Authority, Identification and Nationalism: The Future of Freedom in Estonia

Authority, Identification and Nationalism: The Future of Freedom in Estonia

What is the Future for Estonians?

We can step back a bit and reflect on what we now know and what we think we know about the future of authoritarian rule and nationalism in the country of Estonia (and by extension in many other 21st Century countries). First, it is important to note that nationalists are unabashedly boosters, as anyone who has ever been a sports fan can fully appreciate. The commitment contains an element of loyalty-in-the -face-of a philosophical element of looking in the face of humility and seeing pride and valor, as well as doubt and fear. The nationalists tend to be less educated, less “cosmopolitan” (which carries a lot of baggage, including irrational fears of conspiratorial forces such as “International Jewry” and David Rockefeller’s fabled Tri-lateral Commission). They are often not very articulate in expressing their emotional attachment to their country—they rely on their leader to be the articulate spokesman (another example of projective identification and the diminution of self). Power in this instance comes not from individual competence or knowledge, but from blind obedience and collective action: the irrational herd overwhelms the individual proponent of rational discourse.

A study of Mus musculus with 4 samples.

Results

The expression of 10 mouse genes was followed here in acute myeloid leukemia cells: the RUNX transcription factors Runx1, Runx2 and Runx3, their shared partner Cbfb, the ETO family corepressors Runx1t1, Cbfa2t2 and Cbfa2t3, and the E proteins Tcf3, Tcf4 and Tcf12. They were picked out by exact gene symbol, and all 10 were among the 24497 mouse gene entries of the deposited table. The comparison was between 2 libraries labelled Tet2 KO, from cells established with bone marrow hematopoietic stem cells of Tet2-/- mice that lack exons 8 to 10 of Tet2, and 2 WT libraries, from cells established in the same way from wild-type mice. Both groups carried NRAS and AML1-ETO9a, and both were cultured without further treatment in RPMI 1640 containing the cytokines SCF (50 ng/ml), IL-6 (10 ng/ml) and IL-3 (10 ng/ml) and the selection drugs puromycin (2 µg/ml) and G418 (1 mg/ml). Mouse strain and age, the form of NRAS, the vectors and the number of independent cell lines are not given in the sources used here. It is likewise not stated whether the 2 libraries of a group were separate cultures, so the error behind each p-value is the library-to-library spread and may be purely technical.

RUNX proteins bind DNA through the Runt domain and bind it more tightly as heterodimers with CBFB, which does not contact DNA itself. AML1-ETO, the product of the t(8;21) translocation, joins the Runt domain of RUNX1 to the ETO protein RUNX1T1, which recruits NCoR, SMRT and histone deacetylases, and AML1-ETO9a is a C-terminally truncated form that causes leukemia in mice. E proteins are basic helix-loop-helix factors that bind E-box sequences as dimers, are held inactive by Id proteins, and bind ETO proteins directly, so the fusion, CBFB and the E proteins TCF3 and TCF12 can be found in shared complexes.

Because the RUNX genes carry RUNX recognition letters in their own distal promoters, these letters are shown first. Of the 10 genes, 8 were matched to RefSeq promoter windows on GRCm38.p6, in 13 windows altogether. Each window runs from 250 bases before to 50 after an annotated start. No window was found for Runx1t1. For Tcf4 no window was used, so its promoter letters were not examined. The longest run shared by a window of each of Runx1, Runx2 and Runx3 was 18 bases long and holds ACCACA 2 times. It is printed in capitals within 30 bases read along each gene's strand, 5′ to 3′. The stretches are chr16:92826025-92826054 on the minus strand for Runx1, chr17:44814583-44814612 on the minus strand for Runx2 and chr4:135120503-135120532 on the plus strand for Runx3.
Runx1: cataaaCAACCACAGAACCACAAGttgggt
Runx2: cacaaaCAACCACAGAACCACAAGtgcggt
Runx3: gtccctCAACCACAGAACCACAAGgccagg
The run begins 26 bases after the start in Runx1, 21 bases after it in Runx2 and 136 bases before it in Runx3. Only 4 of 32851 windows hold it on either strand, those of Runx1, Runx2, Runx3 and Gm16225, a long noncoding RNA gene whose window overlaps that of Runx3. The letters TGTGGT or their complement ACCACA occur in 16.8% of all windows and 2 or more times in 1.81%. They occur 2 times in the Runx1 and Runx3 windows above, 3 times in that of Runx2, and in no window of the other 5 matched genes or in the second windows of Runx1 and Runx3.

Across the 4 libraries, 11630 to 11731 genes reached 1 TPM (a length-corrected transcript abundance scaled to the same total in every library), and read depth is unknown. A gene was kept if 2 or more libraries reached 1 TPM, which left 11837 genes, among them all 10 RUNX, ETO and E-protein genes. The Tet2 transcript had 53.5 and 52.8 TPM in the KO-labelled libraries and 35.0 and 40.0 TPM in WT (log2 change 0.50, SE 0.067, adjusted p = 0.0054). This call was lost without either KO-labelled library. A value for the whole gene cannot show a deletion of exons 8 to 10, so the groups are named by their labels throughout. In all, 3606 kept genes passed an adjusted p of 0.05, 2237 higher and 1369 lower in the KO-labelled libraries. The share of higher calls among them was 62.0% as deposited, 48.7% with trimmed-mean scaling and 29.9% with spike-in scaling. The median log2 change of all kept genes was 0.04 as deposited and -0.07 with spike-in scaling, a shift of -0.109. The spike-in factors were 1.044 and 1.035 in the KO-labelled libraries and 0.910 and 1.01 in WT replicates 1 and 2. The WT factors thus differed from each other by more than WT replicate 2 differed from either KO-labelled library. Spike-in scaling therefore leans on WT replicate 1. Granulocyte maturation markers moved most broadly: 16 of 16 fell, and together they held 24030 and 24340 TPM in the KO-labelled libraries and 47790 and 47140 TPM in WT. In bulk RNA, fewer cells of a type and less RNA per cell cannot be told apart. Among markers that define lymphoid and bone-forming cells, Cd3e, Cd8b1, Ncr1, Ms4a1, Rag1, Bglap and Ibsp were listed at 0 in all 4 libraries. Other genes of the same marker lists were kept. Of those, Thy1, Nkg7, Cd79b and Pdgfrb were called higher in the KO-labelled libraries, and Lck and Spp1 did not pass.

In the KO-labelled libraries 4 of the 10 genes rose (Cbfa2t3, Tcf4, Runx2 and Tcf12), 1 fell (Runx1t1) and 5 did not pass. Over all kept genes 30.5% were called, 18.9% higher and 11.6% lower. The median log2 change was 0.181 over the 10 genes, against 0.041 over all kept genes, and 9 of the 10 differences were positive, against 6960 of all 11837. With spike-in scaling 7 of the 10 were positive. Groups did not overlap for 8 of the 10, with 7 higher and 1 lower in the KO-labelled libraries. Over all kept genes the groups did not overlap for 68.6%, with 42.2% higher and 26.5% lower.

While it is tempting to strike a pessimistic pose regarding the future of authoritarianism in Estonia and many other 21st Century countries (including the United States), there is some reason to hope for democratic success. As Hannah Arendt (1966) noted, authoritarianism and nationalism are incompatible with more entrepreneurial and internationally oriented middle-class values. Arendt’s insights were affirmed by Serge, the purported Russian arms dealer in Estonia I interviewed in 1991.

Both Arendt and Serge suggest that the Soviets feared the emergence of a middle class precisely because of the competing international perspective that the middle class would offer. If Arendt and Serge are accurate, then we should expect a decline in nationalism with strengthening of the middle class in Estonia. While economic prosperity in Estonia might have helped to produce a messy political process, it also helped to ensure that this messy democratic process was not replaced by less messy authoritarian rule (as has occurred in Russia and many other countries).

Still, it is difficult to remain positive about democracy and the decline of nationalism in the near future. Given the threat of massive immigration caused by political upheaval in other parts of the world, nationalism and authoritarianism might prevail in the near future. This threat is coupled with and exacerbated by current health emergencies and the virus-influenced temporary (or long-term) collapse of European (and world-wide) economies.